In the Search for the SWEETest Pear

If you close your eyes and think about the most delicious fruit you have ever tasted, it is likely that one specific characteristic will come to mind (and mouth!): its sweetness. Humans have a natural appreciation of plant sugars, and it is no surprise that enhanced sugar content is among the most desired traits by fruit producers. Indeed, we have long been selecting for increased sugar contents in many crops, and sweetness is recognized as one of the main factors driving fruit consumer preferences (Jaeger et al., 1998; Patrick et al., 2012). Fruit sweetness is largely determined by a plant’s capacity to metabolize and translocate soluble sugars (such as glucose, fructose and sucrose) from photosynthetic sources to the fruit. For this reason, numerous studies have focused on uncovering the identity and mode of action of the molecular players involved with sugar allocation in plants (Klee & Tieman, 2018). Surprisingly, little is known about the mechanisms controlling fruit sugar accumulation in pear, one of the most important horticultural crops worldwide.

In this issue of Plant Physiology, Li et al., (2020) investigated the basis of sweetness in two varieties of Ussurian pear (Pyrus ussuriensis); Nanguo (NG) and its clonal bud sport variety (BNG). BNG was identified from a NG tree in the 1980s, and it is valued for producing sweeter tasting fruit than NG. Until now, the mechanism underlying this much-sought trait was unknown. To shed light on this topic, Li et al., (2020) compared the total soluble solids of NG and BNG fruits during different stages of development. They observed that one particular carbohydrate accumulated at significantly higher levels in BNG relative to NG fruits – sucrose (colloquially known as table sugar). At the time of commercial harvest, BNG fruits were loaded with as much as three times the amount of sucrose typically found in NG fruits.

To uncover the genetic basis behind the higher sucrose accumulation in the BNG pears, Li et al., (2020) compared the transcriptomes of NG and BNG fruits at the time of commercial harvest. One gene in particular, PuSWEET15, showed a ~11-fold higher expression in BNG fruits compared to NG fruits. PuSWEET15 is a putative member of the Sugars Will Eventually be Exported Transporter (SWEET) family of transmembrane sugar transporters, which are widely studied for their involvement in sucrose allocation in many plant species (Chen et al., 2015). Expression of PuSWEET15 increases during fruit development only in the BNG variety, peaking at the time of commercial harvest. Further genetic analysis demonstrated that PuSWEET15 overexpression culminated in increased sucrose concentrations in NG fruits, whereas its silencing led to reduced levels of the carbohydrate in BNG. Finally, functional characterization of PuSWEET15 indicated that this gene encodes a functional membrane-bound sucrose transporter, whose action is essential for sucrose accumulation in pear fruits.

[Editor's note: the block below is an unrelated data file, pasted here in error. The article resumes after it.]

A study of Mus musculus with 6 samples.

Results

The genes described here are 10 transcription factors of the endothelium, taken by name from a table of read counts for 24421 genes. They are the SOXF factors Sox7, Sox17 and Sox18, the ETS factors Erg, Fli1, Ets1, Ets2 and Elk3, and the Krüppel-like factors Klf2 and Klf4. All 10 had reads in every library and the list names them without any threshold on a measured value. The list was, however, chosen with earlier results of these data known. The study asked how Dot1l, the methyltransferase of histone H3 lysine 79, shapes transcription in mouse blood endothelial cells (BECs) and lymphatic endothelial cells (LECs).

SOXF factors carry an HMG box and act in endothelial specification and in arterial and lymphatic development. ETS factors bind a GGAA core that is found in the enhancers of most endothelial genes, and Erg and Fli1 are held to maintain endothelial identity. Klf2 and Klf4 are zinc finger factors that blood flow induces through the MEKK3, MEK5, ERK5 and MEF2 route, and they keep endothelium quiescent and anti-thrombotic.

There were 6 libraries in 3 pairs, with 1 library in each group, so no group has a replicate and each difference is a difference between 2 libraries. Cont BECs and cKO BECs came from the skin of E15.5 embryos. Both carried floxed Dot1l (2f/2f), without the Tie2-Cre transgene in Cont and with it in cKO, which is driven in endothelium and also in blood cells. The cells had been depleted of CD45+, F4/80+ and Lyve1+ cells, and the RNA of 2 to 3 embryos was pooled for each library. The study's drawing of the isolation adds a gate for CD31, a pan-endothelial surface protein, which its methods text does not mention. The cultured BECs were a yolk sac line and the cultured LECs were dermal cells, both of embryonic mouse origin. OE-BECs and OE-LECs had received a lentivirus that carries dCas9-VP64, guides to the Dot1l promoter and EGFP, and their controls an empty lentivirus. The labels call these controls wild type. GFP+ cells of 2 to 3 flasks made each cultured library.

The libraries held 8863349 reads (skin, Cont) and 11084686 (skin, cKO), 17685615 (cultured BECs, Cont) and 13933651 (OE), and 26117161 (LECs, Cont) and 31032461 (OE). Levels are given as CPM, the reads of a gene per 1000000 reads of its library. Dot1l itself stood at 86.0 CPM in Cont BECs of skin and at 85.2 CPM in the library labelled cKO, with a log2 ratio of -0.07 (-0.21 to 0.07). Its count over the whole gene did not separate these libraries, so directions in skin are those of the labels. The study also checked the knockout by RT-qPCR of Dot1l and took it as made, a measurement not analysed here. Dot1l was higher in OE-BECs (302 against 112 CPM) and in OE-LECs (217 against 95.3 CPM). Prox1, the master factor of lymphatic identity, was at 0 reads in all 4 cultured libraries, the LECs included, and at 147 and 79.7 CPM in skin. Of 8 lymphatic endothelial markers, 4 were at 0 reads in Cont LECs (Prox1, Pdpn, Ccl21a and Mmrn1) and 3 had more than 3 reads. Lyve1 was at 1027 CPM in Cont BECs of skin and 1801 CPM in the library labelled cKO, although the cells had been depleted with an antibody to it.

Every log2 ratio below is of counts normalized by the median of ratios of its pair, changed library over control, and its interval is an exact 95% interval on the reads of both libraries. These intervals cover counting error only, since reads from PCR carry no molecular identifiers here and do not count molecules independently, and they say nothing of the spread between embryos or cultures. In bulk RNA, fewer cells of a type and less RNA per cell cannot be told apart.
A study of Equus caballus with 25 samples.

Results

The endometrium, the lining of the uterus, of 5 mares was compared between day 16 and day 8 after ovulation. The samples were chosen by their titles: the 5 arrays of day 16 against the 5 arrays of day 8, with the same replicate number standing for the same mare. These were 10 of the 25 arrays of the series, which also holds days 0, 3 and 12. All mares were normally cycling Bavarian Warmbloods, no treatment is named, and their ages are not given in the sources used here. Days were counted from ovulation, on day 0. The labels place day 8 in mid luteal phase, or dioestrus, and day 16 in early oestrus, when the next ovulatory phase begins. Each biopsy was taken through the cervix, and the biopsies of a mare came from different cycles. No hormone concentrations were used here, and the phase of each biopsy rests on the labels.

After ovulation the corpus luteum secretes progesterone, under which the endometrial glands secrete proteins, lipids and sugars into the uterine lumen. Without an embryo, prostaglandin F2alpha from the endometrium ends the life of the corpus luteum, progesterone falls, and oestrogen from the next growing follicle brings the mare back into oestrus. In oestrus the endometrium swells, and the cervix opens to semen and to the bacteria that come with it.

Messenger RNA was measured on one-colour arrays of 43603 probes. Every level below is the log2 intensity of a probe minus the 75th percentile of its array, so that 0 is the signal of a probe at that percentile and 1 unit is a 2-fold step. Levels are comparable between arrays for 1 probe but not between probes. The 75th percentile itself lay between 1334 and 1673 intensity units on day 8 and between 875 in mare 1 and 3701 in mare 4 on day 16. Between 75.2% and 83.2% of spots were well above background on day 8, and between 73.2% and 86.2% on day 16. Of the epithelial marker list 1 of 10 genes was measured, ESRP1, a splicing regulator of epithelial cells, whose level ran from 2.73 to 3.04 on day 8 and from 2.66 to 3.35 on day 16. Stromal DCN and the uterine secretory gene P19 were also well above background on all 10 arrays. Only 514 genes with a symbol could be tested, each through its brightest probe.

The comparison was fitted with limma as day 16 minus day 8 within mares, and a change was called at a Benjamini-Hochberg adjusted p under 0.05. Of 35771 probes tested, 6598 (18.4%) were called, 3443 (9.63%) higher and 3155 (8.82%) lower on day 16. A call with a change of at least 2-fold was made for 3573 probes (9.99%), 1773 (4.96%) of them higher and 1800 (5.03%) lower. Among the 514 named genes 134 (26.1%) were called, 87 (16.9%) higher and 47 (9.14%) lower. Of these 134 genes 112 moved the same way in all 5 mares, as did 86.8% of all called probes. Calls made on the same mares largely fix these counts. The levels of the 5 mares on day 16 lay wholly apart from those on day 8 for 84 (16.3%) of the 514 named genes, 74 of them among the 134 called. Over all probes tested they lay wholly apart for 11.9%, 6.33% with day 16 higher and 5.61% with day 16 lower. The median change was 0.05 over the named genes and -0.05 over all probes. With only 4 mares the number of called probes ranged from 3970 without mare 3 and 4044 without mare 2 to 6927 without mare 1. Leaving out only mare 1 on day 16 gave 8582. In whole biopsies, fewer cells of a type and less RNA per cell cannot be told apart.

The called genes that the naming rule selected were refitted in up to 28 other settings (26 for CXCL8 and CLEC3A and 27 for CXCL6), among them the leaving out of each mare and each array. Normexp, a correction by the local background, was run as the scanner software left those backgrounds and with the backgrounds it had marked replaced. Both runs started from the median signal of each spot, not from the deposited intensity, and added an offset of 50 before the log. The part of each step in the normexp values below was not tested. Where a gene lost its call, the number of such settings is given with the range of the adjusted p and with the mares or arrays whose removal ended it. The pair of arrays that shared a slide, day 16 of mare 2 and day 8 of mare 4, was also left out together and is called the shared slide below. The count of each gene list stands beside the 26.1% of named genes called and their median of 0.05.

To address the cause of higher PuSWEET15 expression in the BNG pears, the authors searched the fruit transcriptome for BNG-upregulated transcription factors (TF) that could potentially bind the PuSWEET15 promoter. Their analysis led to the identification of PuWRKY31, a TF gene with increased expression in BNG during fruit development. By utilizing different molecular biology methods, they were able to show that PuWRKY31 was capable of physically interact with the PuSWEET15 promoter to upregulate its expression. Overexpressing PuWRKY31 in NG led to higher expression of PuSWEET15 and, consequently, higher sucrose concentrations in the NG fruit. PuWRKY31 belongs to the WRKY superfamily of transcriptional regulators, which are associated with a plethora of plant physiological programs ranging from pathogen defense to senescence (Rushton et al., 2010). The findings of Li et al. (2020) provide the first direct evidence of WRKY participation in plant sugar transport.

To gain insight into the genetic regulation of PuWRKY31, authors compared the coding sequence, promoter sequence, and methylation levels of the PuWRKY31 promoter in NG and BNG fruits. Since no significant differences were observed, they suspected that the expression patterns of PuWRKY31 was correlated with epigenetic modification on its associated histones. Indeed, by chromatin immunoprecipitation methods, they identified a significantly higher level of acetylation in PuWRKY31-associated histones in BNG fruits. Acetylation is an epigenetic modification frequently associated with actively transcribed genomic regions (Bartova et al., 2008); thus, this finding provides a plausible explanation for why PuWRKY31 in highly expressed in the BNG variety. The cause for such modification in histone acetylation status may be correlated with the activity of PuHLS1, a histone acetyltransferase whose expression was also found to be higher in BNG than NG fruits. Li et al. (2020) were able to demonstrate that PuHLS1 interacts with the coding sequence of PuWRKY31, providing an initial insight into the epigenetic mechanisms regulating PuWRKY31 expression.

Sweetness is possibly the most remarkable sensorial trait of any edible fruit. Thus, it is important that we understand the genetic mechanisms regulating sugar accumulation in fruits, especially those with high horticultural value, such as pears. This work by Li et al., (2020) has uncovered a transcriptional cascade controlling sucrose accumulation in Ussurian pear fruit. Although it remains to be understood why PuHLS1 is highly expressed in BNG fruits, and whether its activity is directly involved with the increased acetylation status of PuWRKY31-associated histones, the authors’ proposed model (Fig. 1) already provides a useful resource that will aid scientists and fruit producers in their search for sweetest pear.